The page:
Number 92: Leviathan
Leviathan is written by Scott Westerfeld, an author that has more than one book on NPR’s top 100 books for teens ever list. This book is fun and creative and fast paced, also it is part of a trilogy. It’s an alternate history steam-punk/science fiction version of world war one wherein the allies are Darwinians and use the science of evolution to create animal/machines.
So, they are living machines instead of just mechanical. The axis powers use technology and machines, like mech warriors. All in all pretty cool, but I still feel like this is an average book. Yeah, it was a fun read and yes it was creative, but nothing really lingers in my mind. This is just what I expect out of a book. It needs to be readable, creative, and have fun characters. That doesn’t mean it is a top 100 book, it just means it deserves to be published. This is also a book that I feel is barely teen oriented. The main characters are 12 years old, but I guess the themes and some of the moments in the novel are meant for an older audience. So it fits, but just barely.
There is also some great artwork in the book, and I love books with artwork. Not enough adult/teen books take advantage of great artists, and I feel like it can really add to the story. They really bring Westerfeld’s descriptions to life. The illustrations are by artist Keith Thompson.
There are two major problems I have with this book. The storyline and the blurb on the back of the book.
First, I’ll start with the storyline. Some story lines are familiar and whenever someone sees them in a movie or reads them in a book, they know what is going to happen. Some of these are OK, some are cliché, and some I just don’t like. The one found in Leviathan falls into the category of “I just don’t like.” The plot device is that the female character dresses up as a dude to fit in. Since girls aren’t allowed to serve in the military, she has to fake being a guy in order to do what she is good at. That’s fine, but the staple of this plot line is that she meets a guy and likes him, but she can’t tell him because the guy thinks that she’s a dude. The problem comes in when the two characters have cute moments that the reader thinks are romantic and so does the female character, but the guy character just thinks it’s friendly. Or maybe he doesn’t and he is gay. Or maybe he’s not gay but he feels himself experiencing emotions that he’s never had before toward another man and now he’s questioning everything. Not to mention, the setting in the book is the early 20th century, so not only are those feelings unusual to the male lead, but they are basically forbidden by society. There is a lot of psychological tension going on and it never gets addressed in these types of stories. It feels awkward and I can never enjoy these plot devices.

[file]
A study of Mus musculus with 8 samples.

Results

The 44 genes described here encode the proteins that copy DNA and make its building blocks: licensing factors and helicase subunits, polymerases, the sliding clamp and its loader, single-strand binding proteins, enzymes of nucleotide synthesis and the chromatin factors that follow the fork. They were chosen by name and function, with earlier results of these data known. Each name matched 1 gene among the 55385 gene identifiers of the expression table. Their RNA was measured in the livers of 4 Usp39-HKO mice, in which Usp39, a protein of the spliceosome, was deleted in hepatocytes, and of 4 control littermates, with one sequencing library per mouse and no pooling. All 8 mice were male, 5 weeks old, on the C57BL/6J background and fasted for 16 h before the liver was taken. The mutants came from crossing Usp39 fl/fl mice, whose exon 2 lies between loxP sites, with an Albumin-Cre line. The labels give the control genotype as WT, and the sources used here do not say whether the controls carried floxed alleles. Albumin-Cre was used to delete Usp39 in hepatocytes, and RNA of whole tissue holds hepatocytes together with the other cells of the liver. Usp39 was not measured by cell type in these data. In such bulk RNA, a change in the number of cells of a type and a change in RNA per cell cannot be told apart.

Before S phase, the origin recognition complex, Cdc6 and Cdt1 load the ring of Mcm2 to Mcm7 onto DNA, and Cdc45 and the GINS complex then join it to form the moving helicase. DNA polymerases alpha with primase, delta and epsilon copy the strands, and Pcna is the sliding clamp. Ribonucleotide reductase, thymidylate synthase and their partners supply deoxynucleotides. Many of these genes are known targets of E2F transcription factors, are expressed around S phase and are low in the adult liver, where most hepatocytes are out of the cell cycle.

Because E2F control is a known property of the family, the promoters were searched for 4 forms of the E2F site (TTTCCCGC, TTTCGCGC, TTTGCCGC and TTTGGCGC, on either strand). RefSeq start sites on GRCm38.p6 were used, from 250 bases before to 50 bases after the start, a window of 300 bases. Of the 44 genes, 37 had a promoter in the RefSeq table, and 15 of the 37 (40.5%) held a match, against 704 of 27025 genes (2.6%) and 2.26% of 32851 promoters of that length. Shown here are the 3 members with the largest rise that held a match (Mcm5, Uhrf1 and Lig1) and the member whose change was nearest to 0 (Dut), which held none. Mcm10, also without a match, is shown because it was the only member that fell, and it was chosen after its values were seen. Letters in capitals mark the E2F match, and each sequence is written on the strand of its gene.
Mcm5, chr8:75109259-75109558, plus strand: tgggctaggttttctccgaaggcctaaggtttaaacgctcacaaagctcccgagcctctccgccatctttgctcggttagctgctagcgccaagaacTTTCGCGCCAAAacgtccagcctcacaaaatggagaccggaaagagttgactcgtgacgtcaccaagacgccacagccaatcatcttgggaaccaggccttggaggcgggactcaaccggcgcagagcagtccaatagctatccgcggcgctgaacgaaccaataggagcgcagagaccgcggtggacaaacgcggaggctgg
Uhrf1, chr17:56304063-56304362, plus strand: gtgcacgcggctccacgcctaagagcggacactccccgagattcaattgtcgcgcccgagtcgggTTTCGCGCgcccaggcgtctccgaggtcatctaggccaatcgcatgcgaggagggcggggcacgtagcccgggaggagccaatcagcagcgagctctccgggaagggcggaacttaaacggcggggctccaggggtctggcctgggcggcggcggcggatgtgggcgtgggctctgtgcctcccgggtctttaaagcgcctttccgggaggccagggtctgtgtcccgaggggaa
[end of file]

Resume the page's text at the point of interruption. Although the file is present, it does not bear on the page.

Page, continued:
Now for the back blurb.
This seems to be a problem with YA books. On the back blurb it says that Alek and Deryn (the two POV characters) are thrown together aboard the mighty airship Leviathan. This is very informative and makes me intrigued to read the story…the problem? This doesn’t happen until the end of the book. It takes all of the tension away from the story. When I was reading the story I felt everything leading up to them on the ship together as the prologue. I was waiting for it to start. As the story moved along I just wondered when the hell they were going to get together on the ship. The blurb said that they were together, so obviously the story doesn’t really start until they are together (this is how my mind works). The blurb spoiled nearly all of the thrill this book could have held. And, they literally aren’t on the ship together until the final couple of chapters. Think about it. So every time the characters are in danger or the author wants you to think that they are going to give up or something, but that holds no tension for you because the back of the book has already told you what will happen. Will they survive? Will they get captured? Will they get in trouble and have to be held in a prison cell? No. They are going to meet up on the Leviathan and fight side by side, just wait until the prologue is over, you’ll see.
As I mentioned, I’m not sure this book belongs on the list. It is very creative and the world is vivid, brought out further by the artistic skill of Keith Thompson. But, this is just your typical adventure story with the characters getting into trouble and having to scrap their way out of it. It was a decent and easy read, but it’s what I think is just an average book. This book meets my standards for something I would sit down and read, but it doesn’t fit into my top books list, but judging by everything else I’ve read on NPR’s list, it definitely fits within NPR’s parameters.
Wife: meh. If you’re having a slow month with shit else to do, go ahead and pick up this book.